Deer milk made by state-owned farmer Pāmu has won the ‘Best Dairy Ingredient’ category at the prestigious World Dairy Innovation Awards.
He told Dairy News that the uncertainties caused internationally by Covid-19 are well known. He points particularly to the lockdowns in Shanghai, which have severely disrupted shipping schedules, and war in Ukraine preventing one of the world's major grain producers shipping product out of the country. He says this is fuelling uncertainty over dairy prices and in recent weeks prices on Global Dairy Trade (GDT) have fallen.
Leslie took up his new role with Pamū in March, having previously worked as the chief operating officer for Silver Fern Farms and Fonterra. At Fonterra his roles included being head of the operations and supply chain component of the brands business in New Zealand, and before that being in charge of operations at 94 ingredients plants across 27 sites, along with the associated milk collection activities.
Leslie was brought up on the family dairy farm at Reporoa in the central North Island. He holds a Bachelor of Agricultural Science (Hons) and a Masters of Business Administration (with Distinction), both from Massey University. Over the years he's always had a positive impression about Pamū and in his two previous roles, Pamū was a supplier. At a personal level he knows the Pamū farms at Wairakei Pastoral which are fairly close to the family farm at Reporoa.
Since taking on his new role at Pamū, Leslie has met a lot of people in the office and around the farms and says he's impressed with the dedication and passion of the farm teams.
He says this probably shouldn't have been surprsed him. He says they are great teams and, like any farmers, they face the challenges of weather - be that on the East Coast or down south with the drought, and now problems obtaining processing space due to labour shortages in the plants.
"That's been one of the highlights, the people side of it and the personal commitment they take in treating a lot of those farms like their own," he says.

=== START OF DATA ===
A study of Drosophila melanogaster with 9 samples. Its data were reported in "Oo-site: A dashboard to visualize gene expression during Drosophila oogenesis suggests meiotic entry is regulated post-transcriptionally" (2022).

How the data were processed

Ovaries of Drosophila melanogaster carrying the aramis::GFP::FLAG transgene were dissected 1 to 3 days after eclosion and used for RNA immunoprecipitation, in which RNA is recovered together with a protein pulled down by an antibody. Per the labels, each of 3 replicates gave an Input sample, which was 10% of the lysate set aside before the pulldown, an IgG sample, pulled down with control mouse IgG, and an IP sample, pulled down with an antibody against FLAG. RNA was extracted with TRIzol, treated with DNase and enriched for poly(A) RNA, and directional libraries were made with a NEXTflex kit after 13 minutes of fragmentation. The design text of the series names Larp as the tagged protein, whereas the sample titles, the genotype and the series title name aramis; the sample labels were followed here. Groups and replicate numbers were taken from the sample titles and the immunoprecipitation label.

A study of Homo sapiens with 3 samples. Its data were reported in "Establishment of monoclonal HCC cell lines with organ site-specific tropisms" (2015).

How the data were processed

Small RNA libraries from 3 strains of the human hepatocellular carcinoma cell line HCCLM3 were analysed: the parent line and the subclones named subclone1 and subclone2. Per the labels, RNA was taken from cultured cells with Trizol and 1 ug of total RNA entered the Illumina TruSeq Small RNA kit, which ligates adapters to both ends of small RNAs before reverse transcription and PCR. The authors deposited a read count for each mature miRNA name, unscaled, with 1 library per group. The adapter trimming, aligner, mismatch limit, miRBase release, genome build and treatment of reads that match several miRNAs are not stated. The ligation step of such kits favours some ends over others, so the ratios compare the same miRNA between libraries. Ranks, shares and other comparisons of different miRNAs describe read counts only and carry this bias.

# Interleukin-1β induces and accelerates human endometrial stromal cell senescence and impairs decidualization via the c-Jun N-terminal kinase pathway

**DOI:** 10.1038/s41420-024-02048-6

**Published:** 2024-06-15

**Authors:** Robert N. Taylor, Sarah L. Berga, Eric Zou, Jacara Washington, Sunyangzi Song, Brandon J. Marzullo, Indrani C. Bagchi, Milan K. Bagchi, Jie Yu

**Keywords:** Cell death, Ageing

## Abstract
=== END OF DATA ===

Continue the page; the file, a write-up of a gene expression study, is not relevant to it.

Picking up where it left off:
"The challenges facing Pamū are no different to other farming operations. Attracting staff [and] ensuring the company continues to operate as a profitable business. There are challenges of dealing with climate change or adapting to some of these extreme weather events or water quality and things like that. There is a large amount of change there and it's a case of managing that through in a practical sense."
Happy With Strategic Direction
Mark Leslie is happy with Pamū's general strategic direction and says there will continue to be a focus on looking at emissions reduction.
He says also important to the organisation is the number of partnerships that have been developed with industry-good organisations, Crown Research Institutes (CRI's), fertiliser co-ops and other companies.
He says they will also continue to test and trial new ideas and share this information with the wider farming community.
Leslie says he knows there is criticism of some of Pamū's ventures and, while he acknowledges they have the advantage of scale, he points out the companhy has to operate profitability.
"We need to acknowledge that many of our farm are on challenging lands.
"Someone once said to me, the reason we have got this land is because nobody else wanted to farm it, and remember a number of our farms are on the steep hill country that is six, seven and eight class country," he says.
Leslie says current dairy operations will remain virtually the same.
The company has 51 dairy farms which produce 165 million litres of milk annually and he says from a purely volume perspective they will do the same. But he says they will continue to look at diversification around organics and some of the different farming systems based on the economic benefits.
He says equally and importantly is how their dairy operations align with Pamū's beef units. He says, apart from breeding replacements for the dairy herds, Pamū is making sure it gets the right genetics for breeding dairy beef which can be integrated into their beef farming operations.
Leslie says they are looking at all options in this regard including new generation beef, but also taking animals through to 24 months.
Overall Leslie says they face the same issues as other dairy farmers, albeit on a larger scale.
"We are facing difficulties in attracting staff, equally we are making sure with our current staff that we develop and grow them.
"While we want to keep our best people, if we see some of the really good farm managers take the next step into a larger job or sharemilking or ultimately to farm ownership, then that gives us a level of pride... that we have provided that stepping stone for them," he says.
Finally, Leslie says that Pamū is a large farming operation, it has to pay taxes, rates and interests and also pay a dividend to its shareholder - the Government.